This page is for the classic Adyen for Platforms integrations. If you are just starting your implementation, refer to our new integration guide instead.
Identify fraudulent behavior, stop suspicious payouts, and flag unusual account holder activities with Adyen's Score, a feature that you can now use with your Adyen for Platforms integration. To enable Score for your platform, contact your Adyen Account Manager.
How Score works
Adyen analyzes the account holder's verification data and their transactions to highlight unusual behavior. These are behaviors that indicate potential malicious and fraudulent activities. We call these indicators risk signals. For example, a risk signal can be a high number of transactions made by the same shopper, or the billing address is in a different country than their bank account.
We use risk signals to:
- Detect possible fraud networks.
- Calculate an account holder's risk score, a number representing the degree of unusualness of their activities. The value can range from 0 to 100, with 100 as the highest risk score.
Adyen flags the risk signals so that you can investigate unusual behavior.
Aside from detecting unusual behavior, Adyen also uses the data to identify linked accounts. Linking accounts can provide insight into returning malicious users, and fraud attacks at scale. We call these linked accounts identities.
By default, Adyen does not disable payouts or processing. You are responsible for reviewing the cases and taking action, whether by manually reviewing the account or setting up automated actions on your end.
Depending on the outcome of your review, you can take actions such as:
- Disable payouts.
- Suspend account holders.
- Flag risk signals as false positive.
- Refund payments.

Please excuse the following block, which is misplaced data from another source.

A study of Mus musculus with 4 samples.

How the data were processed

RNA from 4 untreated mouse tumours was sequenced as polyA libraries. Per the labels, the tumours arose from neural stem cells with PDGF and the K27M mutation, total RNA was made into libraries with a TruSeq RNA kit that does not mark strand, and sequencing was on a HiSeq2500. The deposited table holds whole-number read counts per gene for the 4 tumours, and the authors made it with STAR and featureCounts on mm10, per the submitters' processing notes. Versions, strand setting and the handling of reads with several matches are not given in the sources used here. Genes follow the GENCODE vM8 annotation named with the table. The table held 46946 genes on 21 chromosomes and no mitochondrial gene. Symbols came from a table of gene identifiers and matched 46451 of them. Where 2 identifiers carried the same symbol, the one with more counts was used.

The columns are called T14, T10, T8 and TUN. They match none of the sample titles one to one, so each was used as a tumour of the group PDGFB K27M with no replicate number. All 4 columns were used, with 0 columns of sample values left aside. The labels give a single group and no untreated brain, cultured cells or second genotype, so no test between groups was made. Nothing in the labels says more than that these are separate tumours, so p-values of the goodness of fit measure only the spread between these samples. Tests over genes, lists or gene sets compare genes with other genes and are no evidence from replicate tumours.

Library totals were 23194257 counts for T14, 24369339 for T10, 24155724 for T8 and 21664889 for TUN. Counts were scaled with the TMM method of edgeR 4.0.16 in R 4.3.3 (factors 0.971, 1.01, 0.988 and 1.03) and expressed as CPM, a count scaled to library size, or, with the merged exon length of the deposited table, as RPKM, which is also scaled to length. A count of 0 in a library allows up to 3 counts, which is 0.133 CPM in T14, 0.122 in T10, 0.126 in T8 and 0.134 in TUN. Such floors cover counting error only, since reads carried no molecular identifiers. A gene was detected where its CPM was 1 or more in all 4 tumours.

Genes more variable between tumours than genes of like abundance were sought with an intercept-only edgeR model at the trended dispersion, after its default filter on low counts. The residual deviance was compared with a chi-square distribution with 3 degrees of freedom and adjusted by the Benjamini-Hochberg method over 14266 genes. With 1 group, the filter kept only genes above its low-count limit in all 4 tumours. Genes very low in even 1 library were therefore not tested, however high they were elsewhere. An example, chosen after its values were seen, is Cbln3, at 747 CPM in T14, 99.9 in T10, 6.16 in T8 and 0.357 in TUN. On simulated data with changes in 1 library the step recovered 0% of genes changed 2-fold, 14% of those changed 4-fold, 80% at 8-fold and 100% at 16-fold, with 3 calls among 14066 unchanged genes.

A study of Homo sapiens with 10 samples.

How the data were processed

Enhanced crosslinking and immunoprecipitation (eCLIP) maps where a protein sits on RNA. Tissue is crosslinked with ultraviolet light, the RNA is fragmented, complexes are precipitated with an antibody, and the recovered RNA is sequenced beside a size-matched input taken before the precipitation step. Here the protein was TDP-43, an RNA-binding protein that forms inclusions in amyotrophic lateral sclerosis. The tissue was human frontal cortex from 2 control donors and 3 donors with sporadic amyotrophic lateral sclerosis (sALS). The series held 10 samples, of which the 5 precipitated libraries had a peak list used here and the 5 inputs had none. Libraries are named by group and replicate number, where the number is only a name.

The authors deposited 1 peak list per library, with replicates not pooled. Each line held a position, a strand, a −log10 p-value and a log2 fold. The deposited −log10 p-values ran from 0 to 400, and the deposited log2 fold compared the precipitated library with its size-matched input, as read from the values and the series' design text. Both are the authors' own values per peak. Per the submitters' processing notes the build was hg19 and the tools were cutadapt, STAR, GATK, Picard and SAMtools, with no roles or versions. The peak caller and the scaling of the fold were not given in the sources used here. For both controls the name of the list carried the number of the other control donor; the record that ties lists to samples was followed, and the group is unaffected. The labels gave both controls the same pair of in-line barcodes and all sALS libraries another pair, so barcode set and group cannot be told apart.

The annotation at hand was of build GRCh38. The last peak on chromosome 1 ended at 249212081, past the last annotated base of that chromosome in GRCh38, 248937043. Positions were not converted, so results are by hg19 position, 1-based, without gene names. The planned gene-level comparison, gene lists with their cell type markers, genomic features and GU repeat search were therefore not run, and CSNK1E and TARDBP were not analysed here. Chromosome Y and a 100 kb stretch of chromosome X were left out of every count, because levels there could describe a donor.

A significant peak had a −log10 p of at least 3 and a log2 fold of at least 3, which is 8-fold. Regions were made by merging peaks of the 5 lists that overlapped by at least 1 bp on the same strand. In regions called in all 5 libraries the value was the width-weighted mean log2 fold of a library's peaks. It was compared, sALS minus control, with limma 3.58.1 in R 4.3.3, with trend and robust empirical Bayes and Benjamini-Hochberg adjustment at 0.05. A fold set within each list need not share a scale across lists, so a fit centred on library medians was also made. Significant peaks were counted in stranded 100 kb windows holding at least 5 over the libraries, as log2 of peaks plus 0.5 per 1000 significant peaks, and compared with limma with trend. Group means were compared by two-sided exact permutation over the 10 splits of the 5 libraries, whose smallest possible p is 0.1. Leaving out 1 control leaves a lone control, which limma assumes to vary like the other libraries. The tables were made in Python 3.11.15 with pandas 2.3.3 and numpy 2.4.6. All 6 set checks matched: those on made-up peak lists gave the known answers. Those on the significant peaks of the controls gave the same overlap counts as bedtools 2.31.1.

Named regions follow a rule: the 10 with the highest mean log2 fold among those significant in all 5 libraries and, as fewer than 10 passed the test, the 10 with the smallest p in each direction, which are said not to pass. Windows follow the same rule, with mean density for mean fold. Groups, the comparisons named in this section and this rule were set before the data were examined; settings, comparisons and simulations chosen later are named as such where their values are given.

You can find the risk scores for your account holders, review cases, and take action from your Customer Area. You can access this data from:
- The Case management dashboard. To access the dashboard, go to Platform > Score.
- The Score tab in the account holder details. To access this tab, go to Platform > Sub-merchant, then select an account holder.
Risk score calculation
The risk score represents Adyen's conclusion on the unusualness of the activity of an account holder.
The value can range from 0 to 100, where 100 is the highest possible risk score. A risk score of 100 does not mean confirmed malicious or fraudulent behavior. You have to investigate and review the account holder to decide if they display true malicious behavior or if the risk signals indicate a false positive.
Risk scores are based on risk signals. Each risk signal has a weight that is based on the severity of the impact if the scenario occurs. Because of this, some risk signals contribute more to the risk score. An example of a risk signal that strongly increases the risk score is an account holder using the same bank account as a previously suspended account. You can change the weight of a risk signal or add your own to influence the risk score.
We analyze the KYC data of all the account holders in your platform to detect account holders that have the same characteristics. We group these account holders into an identity. Risk signals raised for an account holder are automatically applied to the whole identity, giving the same risk score to all account holders in that identity.
Take the following scenario for example.
- Account holder A has bank account ABZ003. Their risk score is 20.
- Account holder B signs up to your platform. They also have a bank account ABZ003.
- Adyen groups the two account holders in Identity_1.
- Adyen sets the risk score of account holder B to 100. The whole identity gets a risk score of 100.
Because account holder A is part of Identity_1, their risk score increases to 100.
Risk signals are indicators that we use to spot unusual account holder activity. Besides the default risk signals defined by Adyen, you can also add your own.
Defined by Adyen
- KYC data: Risk signals related to KYC information, such as if the account holder has the same bank account as another account holder. KYC data is updated and evaluated in real time.
- Transaction signals: Risk signals related to transactions. For example, having an unusual number of refusals where issuers indicated fraud. Transaction signals are updated on a daily basis.
Defined by you
- Custom risk signals: General KYC values or transaction patterns that you define. For example, if you think that account holders with a bank account from a specific bank must always flag a risk signal, add the bank in the custom risk list. Custom risk signals are evaluated in real time.
- High risk lists signals: More granular KYC values that you define. You can use this to add KYC values from confirmed fraudulent account holders, so you will receive a risk signal if they come back to your platform. High risk lists signals are evaluated in real time.